Joe Biden’s campaign is launching three new ads this month targeted at religious voters, broadcasting messages that focus on the former vice president’s faith in hopes of winning over Catholics and evangelical Christians, Religion News Service writes.
“We are running these ads to highlight to faith-motivated voters that Joe Biden is the clear moral choice in this election,” Josh Dickson, the Biden campaign’s faith engagement director, told Religion News Service in a statement. “Religious voters matter to this campaign and are a key part of our broad, diverse, and robust coalition.”
The seven-figure ad buy includes two 30-second television spots that will run on Catholic and evangelical programs. The first is called “Principles” and features Biden in conversation with the Rev. Matt Malone, editor-in-chief of America magazine, a Catholic publication.
“My father would say (that) the cardinal sin of all sins is the abuse of power, whether it’s a man raising his hand to a woman, whether it is the government abusing its power, basic essential elements of what constitutes Catholicism,” Biden says in the ad.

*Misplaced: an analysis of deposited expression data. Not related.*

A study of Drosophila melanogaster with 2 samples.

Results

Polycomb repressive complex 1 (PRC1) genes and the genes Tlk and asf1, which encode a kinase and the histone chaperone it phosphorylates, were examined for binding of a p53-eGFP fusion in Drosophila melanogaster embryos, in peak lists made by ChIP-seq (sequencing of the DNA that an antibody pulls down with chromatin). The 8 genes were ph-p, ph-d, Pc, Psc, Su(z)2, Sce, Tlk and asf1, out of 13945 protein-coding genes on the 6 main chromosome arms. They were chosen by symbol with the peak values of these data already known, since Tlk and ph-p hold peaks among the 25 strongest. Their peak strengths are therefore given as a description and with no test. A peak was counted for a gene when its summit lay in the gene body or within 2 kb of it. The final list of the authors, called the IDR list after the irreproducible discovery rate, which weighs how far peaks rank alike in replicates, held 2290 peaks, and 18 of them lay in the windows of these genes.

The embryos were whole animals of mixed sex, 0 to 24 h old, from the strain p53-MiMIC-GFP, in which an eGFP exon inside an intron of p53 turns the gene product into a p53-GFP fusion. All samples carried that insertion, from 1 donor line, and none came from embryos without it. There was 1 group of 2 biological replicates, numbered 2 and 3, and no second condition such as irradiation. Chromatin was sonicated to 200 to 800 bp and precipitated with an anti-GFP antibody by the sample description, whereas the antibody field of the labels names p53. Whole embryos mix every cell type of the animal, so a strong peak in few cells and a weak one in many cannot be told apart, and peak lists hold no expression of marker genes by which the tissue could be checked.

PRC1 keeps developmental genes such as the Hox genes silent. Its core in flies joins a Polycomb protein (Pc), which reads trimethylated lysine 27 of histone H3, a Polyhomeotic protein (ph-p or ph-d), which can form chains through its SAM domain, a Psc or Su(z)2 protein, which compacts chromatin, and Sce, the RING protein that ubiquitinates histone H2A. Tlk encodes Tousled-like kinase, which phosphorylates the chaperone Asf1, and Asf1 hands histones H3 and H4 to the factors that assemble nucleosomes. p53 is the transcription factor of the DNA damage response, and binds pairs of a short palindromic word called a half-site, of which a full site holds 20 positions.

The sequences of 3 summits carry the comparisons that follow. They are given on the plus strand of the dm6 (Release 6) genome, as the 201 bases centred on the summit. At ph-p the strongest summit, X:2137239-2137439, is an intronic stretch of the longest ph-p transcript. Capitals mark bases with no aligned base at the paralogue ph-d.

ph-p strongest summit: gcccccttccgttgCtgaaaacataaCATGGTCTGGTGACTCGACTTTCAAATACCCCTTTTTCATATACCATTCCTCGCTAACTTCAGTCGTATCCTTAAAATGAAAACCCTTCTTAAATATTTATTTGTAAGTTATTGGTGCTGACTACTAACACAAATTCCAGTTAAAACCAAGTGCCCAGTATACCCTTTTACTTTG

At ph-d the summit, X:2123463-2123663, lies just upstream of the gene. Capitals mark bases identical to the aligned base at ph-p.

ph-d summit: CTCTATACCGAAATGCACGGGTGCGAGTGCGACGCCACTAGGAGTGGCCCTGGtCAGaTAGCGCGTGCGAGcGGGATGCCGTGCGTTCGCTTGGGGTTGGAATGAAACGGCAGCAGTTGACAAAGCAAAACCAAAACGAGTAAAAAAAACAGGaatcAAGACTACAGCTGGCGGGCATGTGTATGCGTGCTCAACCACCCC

The second ad, titled “Morning,” is geared toward evangelical Christian television programs. It details how Biden’s faith has given him strength during times of grief, such as after the death of his first wife and daughter and after losing his son Beau to cancer.
The ad closes with footage of Biden in a church reading from the Book of Psalms, saying, “Weeping may endure for the night, but joy cometh in the morning.”
The third ad, which will run on Christian radio stations, features a member of Biden’s Catholic parish describing when she saw Biden in Mass and insisting she believes him to be a “man guided by faith.”
“You can tell how important Joe’s faith is to him,” the parishioner, Bernadette, says in the minute-long segment.
Officials said they also plan to run radio ads on gospel stations geared toward African American Christians. The ads are slated to run in 14 states: Arizona, Florida, Georgia, Iowa, Maine, Michigan, Minnesota, Nebraska, Nevada, New Hampshire, North Carolina, Ohio, Pennsylvania and Wisconsin.
“These ads are one component of our expansive, direct appeal to people of faith that Vice President Biden’s agenda is much more aligned with their common good values than the divisiveness, racism, and fear we see from the current administration,” Dickson said.
The faith-focused media push highlights the Biden campaign’s increasingly aggressive efforts to reach faithful voters. The former vice president has spoken at numerous religious events, such as the Progressive National Baptist Convention and a gathering of the faith-based anti-poverty group the Poor People’s Campaign. The Democratic National Convention was filled with religious references and dedicated an entire segment to discussing Biden’s faith.
Biden also spoke at an online summit for Muslim Americans in July, his campaign announced the endorsement of hundreds of faith leaders in August, and his staff has escalated outreach to Jewish voters in recent weeks.